Randy Barnes

Charleston Daily Mail
July 29, 1996

Barnes in daze after winning gold

By Jody Jividen
Daily Mail Sports Editor

ATLANTA - The evening ended in joy for Randy Barnes and his family and friends. But the happiness was preceded by despair and frustration.

Until his sixth and final throw in the shot-put finals here Friday night, Barnes struggled badly. His first five attempts all were disappointing before a crowd of more than 80,000 at Olympic Stadium during the centennial Summer Games.

In the stands, the hand-wringing Barnes clan died a thousand deaths each time his throws landed far shorter than expected.

"They told me they were just in fits up there," said Barnes, a 1985 graduate of St. Albans High School and the world record-holder in both the outdoor and indoor shot put. "I told them they weren't alone."

Finally, on his last put, Bames vaulted from sixth place to first with a throw of 70 feet, 11 1/4 inches, releasing himself and his supporters from anxiety.

The suspenseful shot-put competition left his family emotionally drained.

"My brother Lee told me he was retiring from being a shot-put fan," Barnes laughed Saturday.

Also in attendance at Olympic Stadium were Barnes' father Ralph, and his mother Mary Lou; his daughter Erica and her mother Cheryl; his sister Cindy, her husband Tom and their two children, Courtney and Beck; his sister Debbie; Lee's wife Annn; his cousin Jeff Barnes; and his friends Rusty Smith, Christian Erb, Chip Brown and Greg and Chianina Joelson.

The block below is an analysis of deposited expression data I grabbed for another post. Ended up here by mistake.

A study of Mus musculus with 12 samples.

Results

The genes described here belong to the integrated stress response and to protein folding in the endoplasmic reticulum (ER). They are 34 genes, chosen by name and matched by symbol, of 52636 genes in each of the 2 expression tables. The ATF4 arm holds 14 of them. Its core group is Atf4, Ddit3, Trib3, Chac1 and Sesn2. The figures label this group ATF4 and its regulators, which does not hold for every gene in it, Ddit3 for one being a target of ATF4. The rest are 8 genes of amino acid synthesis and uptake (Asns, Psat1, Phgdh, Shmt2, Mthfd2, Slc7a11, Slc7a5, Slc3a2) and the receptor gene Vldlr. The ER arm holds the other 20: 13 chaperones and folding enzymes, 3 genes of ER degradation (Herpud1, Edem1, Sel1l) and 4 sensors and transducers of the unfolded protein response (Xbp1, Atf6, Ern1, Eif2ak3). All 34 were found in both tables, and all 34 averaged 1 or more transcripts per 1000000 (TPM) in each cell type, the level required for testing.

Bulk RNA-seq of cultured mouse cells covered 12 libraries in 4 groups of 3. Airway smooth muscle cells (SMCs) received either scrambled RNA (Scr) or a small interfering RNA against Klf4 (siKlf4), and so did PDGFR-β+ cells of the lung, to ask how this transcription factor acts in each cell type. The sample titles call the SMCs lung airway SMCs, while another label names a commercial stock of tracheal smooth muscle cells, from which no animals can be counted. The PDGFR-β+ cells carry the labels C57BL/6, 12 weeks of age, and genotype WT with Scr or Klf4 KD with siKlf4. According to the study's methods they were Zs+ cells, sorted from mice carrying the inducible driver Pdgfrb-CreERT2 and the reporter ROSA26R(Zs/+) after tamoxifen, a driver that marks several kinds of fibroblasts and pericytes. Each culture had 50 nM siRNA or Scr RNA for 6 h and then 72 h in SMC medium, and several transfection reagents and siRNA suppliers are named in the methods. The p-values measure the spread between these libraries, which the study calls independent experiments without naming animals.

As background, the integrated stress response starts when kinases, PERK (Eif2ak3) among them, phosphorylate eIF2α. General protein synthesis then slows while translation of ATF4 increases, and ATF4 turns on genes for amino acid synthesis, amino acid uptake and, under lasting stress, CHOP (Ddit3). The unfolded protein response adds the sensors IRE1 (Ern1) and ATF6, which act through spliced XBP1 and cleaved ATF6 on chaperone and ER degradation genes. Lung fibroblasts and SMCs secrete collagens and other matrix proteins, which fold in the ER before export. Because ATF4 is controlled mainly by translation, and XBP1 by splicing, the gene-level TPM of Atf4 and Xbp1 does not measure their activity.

Barnes' first five puts in the finals were 63-10 1/4, 67-0 3/4, a foul, 66-5 3/4 and 66-8.

Then, at last, Ralph and Mary Lou's baby boy unleashed the gold-medal throw.

On his final attempt, the 6-foot-4 1/2, 310-pound Barnes decided to throw with reckless abandon and not fret about fouling.

"I attacked it," Barnes said. "I just literally attacked it. I realized I just had to go for it. Fouling was the least of my worries at that point. I was in sixth place. So what if I fouled at that point?"

When did Barnes realize that the throw had made him an Olympic champion?

"Right after I let it go, I knew," he said. "I knew it was a good one. I knew it was enough to win."

The mechanics of his technique were vastly improved on his winning toss.

"I had a lot more drive through my hips," Barnes said. "My speed across the ring was infinitely better."

Barnes reacted to the triumphant put by leaping into the air and then running around the shot-put area pumping his fists upward.

The crowd's response was equally intense. The stunning conclusion of the competition prompted a huge roar from the fans.

And the crowd was still rollicking when Barnes took a euphoric victory lap.

"It was great," he said. "I couldn't believe the response. The fans were into it. It got a little bit dramatic. If I'd had a comfortable lead all the way through the competition, the reaction wouldn't have been like that."

Barnes was still in a daze when the "Star Spangled Banner" was played during the medal ceremony.

"The ceremony was quicker than I thought it would be," he said. "I was so numb at that point that I'll probably get a lot more out of the videotape than the real thing. The whole day was just a flash to me, and that point was just a flicker."

Barnes, 30, is now free to relax and enjoy the rest of the Games, or to go home.

"I'd really like to do the closing ceremonies," he said, "but at this point I'm not sure what I'll do."